At most of Oshakati’s informal settlements, sex workers are not visible on the streets.

The town’s Okandjengedi bridge is, however, a hotspot where sex workers meet clients.

According to the local police, the sex workers at the town mostly operate at night.

The Oshana police last week embarked on a debushing exercise of the area around the Okanjengedi bridge where incidents of rape, gender-based violence, common assualt, sex work and other crimes regularly take place.

Oshana police deputy commissioner Otilie Kashuupulwa said the police have seen an increase in sex workers operating illegally for quite some time now, saying the problem is quite unique to the town.

“Sex work is illegal under the Combating of Immoral Practices Act. It is prohibited in Namibia, and if there are people or women found committing such acts … they will be charged and taken to court.

“It is dangerous for underage girls to take part in such acts. We have received quite a number of rape cases from most of the informal areas, including robberies committed against young women,” she said.

Kashuupulwa said the crime that accompanies sex work has a big impact on communities.

“Sometimes sex workers work with criminals, and when some clients stop to approach them, they get attacked by armed robbers and rob them of their belongings.

“Some men report such cases to the police, but some are ashamed to do so. Some sex workers are dealing drugs, there’s some mischief, there are some assaults, and counterfeiting.

“It was really necessary for us to organise a debushing campaign so we can clean up this space and keep it clean of criminal activities,” she said.

Kashuupulwa said sex workers are not protected by the police in any manner as sex work is a criminal offence, although criminal charges are difficult to pursue.

“I want to warn men who are picking up these women that they must stay away to avoid false rape allegations.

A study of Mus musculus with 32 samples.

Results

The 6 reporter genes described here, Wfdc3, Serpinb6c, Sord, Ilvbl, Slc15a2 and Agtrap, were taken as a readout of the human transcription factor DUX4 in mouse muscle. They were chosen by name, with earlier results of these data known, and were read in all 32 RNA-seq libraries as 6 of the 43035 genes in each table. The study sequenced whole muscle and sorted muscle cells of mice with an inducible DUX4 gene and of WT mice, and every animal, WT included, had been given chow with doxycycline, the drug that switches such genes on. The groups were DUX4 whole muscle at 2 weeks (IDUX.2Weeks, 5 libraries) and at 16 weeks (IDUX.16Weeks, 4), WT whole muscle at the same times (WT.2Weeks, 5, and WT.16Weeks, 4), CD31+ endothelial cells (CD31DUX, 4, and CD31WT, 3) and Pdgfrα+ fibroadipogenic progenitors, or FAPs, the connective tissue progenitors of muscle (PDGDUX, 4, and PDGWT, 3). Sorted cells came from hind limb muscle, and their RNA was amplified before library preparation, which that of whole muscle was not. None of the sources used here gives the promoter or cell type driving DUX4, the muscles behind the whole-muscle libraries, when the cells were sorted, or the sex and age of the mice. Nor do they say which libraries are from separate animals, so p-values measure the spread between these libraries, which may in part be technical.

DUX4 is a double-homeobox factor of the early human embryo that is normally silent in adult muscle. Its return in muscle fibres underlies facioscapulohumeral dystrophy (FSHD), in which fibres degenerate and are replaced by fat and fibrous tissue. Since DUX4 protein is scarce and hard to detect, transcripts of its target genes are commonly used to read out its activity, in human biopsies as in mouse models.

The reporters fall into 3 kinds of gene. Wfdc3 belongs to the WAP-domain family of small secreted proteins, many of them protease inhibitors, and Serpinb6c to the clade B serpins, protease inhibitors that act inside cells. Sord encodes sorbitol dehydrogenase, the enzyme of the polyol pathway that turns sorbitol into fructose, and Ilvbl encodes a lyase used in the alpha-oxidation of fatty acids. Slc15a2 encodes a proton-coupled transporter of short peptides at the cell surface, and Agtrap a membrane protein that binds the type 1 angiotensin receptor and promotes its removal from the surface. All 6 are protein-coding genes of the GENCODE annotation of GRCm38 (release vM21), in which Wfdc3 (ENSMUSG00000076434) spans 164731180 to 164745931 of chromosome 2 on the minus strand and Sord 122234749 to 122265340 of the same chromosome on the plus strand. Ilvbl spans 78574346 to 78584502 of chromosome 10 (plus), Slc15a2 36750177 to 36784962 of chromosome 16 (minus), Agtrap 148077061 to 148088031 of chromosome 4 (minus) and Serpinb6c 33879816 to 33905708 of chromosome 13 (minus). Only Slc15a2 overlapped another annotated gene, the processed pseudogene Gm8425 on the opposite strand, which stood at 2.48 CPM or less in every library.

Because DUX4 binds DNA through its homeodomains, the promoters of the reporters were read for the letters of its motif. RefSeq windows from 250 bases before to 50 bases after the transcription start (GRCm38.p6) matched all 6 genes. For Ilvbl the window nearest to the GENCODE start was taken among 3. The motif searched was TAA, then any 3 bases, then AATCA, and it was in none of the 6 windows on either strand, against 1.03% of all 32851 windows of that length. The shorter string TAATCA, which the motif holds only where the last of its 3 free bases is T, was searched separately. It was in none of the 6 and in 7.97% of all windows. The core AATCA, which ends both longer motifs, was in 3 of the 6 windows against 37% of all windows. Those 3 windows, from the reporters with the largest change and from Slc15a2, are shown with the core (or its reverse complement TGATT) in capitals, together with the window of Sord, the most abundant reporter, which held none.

“Sometimes if a man goes with women and they fail to pay them, they can be accused of rape. As the police, we will open a case and arrest you – even if you are not really a rape suspect,” she said.


Oshakati mayor Leonard Hango says the rise in sex work at the town is disturbing and gives the town a bad image.

“It is a recent development where our young women have identified this area [the bridge] as a suitable area for such activities. Some are saying it is for income purposes, but it is not good, first of all for the town, and secondly for the country.

“Selling yourself for an income is an immoral act that is not supported by our supreme law, religious morals or the police,” he says.

“We are therefore encouraging these women to stop conducting sex work and find other means of survival. Namibia has created a condusive environment for everyone to thrive.

“It is disturbing for our young girls opting to sell their bodies for money. They should seek other alternatives to thrive and survive,” he says.

David Immanuel, a concerned resident of Okandjengedi informal settlement, says many young girls in the area have resorted to sex work for quick money – some of them underage children who have dropped out of school.

“The issue of sex work is concerning. We as parents are tired and we want the police to bring an end to these activities. Our young girls are no longer attending school because of sex work.

“They think it is a quicker way to earn fast money, but it is risky and dangerous. These men do not even use protection, and they can easily contract infections,” he says.